Monday, November 21, 2011

Technology Driven Jobless Recovery

Through the previous century and into the last decade, GDP per capita has grown an average 2.5% compounded a year. This has largely resulted from the increased use of technologies to boost productivity. But the relationship between productivity and real wages has weakened. On an inflation-adjusted basis, median income today is about the same as that in 1999, at the beginning of the Internet boom. Put another way, if wages had kept up with the rate of GDP growth in the last decade, median household income would be $30k higher than they are currently.

The history of technological change can be described as an evolutionary process punctuated by discontinuous leaps in innovation. Traditionally, firms invest in innovation to increase production capacity. These investments are staged so that an organization can adapt to the introduction of new methods. The controlled rate of adoption allowed horse carriage makers to become automobile manufacturers, and retail banks to become integrated financial service providers.

Skilled jobs based on routines that can be deconstructed into discrete steps were most suited to technological augmentation. Even those jobs that involve complex routines requiring the adroit manipulation of instruments can be augmented by the combination of fine motor robotics and intelligent visual recognition systems. We see this in the development of minimally invasive surgical techniques that was largely technology (rather than practice) driven. However, the increasing complexity of innovation is outstripping the human and organizational capacity to learn on the fly. These shifts create winners and losers overnight so that the technology augmentation of work has become the technology displacement of workers.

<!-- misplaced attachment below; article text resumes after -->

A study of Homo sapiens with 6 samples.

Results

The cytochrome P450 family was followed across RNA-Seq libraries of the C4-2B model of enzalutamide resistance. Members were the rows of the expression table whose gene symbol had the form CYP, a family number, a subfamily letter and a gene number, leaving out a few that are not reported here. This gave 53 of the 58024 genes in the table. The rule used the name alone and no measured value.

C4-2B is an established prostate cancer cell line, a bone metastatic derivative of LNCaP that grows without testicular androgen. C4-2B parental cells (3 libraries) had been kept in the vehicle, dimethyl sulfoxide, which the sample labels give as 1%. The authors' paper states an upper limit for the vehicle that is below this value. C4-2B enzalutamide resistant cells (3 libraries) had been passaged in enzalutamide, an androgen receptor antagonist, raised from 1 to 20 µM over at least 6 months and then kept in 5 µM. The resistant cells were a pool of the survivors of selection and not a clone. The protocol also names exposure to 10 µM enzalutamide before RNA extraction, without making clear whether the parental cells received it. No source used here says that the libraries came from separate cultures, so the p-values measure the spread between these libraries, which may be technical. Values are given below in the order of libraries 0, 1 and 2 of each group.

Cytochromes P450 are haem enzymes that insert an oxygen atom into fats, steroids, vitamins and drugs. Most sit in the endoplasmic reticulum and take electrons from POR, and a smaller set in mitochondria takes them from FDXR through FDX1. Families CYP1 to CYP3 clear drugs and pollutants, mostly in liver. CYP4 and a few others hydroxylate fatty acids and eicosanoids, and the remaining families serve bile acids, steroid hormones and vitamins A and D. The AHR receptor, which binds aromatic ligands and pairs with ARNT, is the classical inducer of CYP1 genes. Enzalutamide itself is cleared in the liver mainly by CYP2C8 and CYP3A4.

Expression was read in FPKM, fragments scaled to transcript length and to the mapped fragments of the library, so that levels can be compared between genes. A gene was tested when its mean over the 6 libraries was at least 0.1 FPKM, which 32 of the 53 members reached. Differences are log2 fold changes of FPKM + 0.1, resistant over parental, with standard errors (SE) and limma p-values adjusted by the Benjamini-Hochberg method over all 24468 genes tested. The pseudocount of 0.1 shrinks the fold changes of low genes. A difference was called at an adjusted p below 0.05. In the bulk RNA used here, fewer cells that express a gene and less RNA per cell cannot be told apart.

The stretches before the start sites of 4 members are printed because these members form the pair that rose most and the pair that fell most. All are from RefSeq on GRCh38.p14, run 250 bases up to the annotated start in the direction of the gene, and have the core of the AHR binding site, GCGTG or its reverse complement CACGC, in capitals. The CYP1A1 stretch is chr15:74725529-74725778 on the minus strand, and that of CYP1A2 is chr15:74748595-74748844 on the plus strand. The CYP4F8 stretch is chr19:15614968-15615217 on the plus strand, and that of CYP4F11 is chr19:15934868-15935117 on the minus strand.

This jobless recovery is not a temporary phenomenon. It is embedded in the type of innovation we are experiencing. Platform technologies that can compute, analyze, recognize patterns and perform increasingly complex routines with greater accuracy and speed is being introduced at an increasing rate. Moore’s Law exacerbates the scale effects, creating even more powerful incentives to speed up the invention and deployment of such technologies. They have globalized the market for services such as radiology, chronic disease consultation, psychological counseling, and college and technical instruction. In addition to companies, entire classes of work are being displaced by technology.

The prognosis of this situation is not good for social or political stability. One commonly proposed solution, wealth redistribution, is not because it does not fix the fundamental problem of a workforce unable to exploit the latest technologies or whose value added is being displaced by the same technologies they relied on. Instead, solutions should focus on the technology and work relationship.

In the short term, organizations should be encouraged to accelerate the pace of innovation, not decelerate it. Why? Job loss results from the exit of companies and the technological displacement of entire classes of work. In terms of the first, U.S. companies compete on the global stage where innovation in emerging markets mean that if they do not keep up the impact of job losses will be more severe in the relatively higher wage U.S.

In the long term, the most resilient economies are those that display high levels of entrepreneurial bias. Fostering an entrepreneurial economy requires policies that reward risk taking while buffering the community from the inevitable shocks of failure. Closing the knowledge gap can aid a culture of risk taking. We can teach individuals how to assess risk and identify business opportunities. Business and engineering programs that emphasize opportunity recognition and creation, design-centric thinking, and the commercialization of discoveries can fireproof the next generation of workers from the economic vicissitudes of technological change.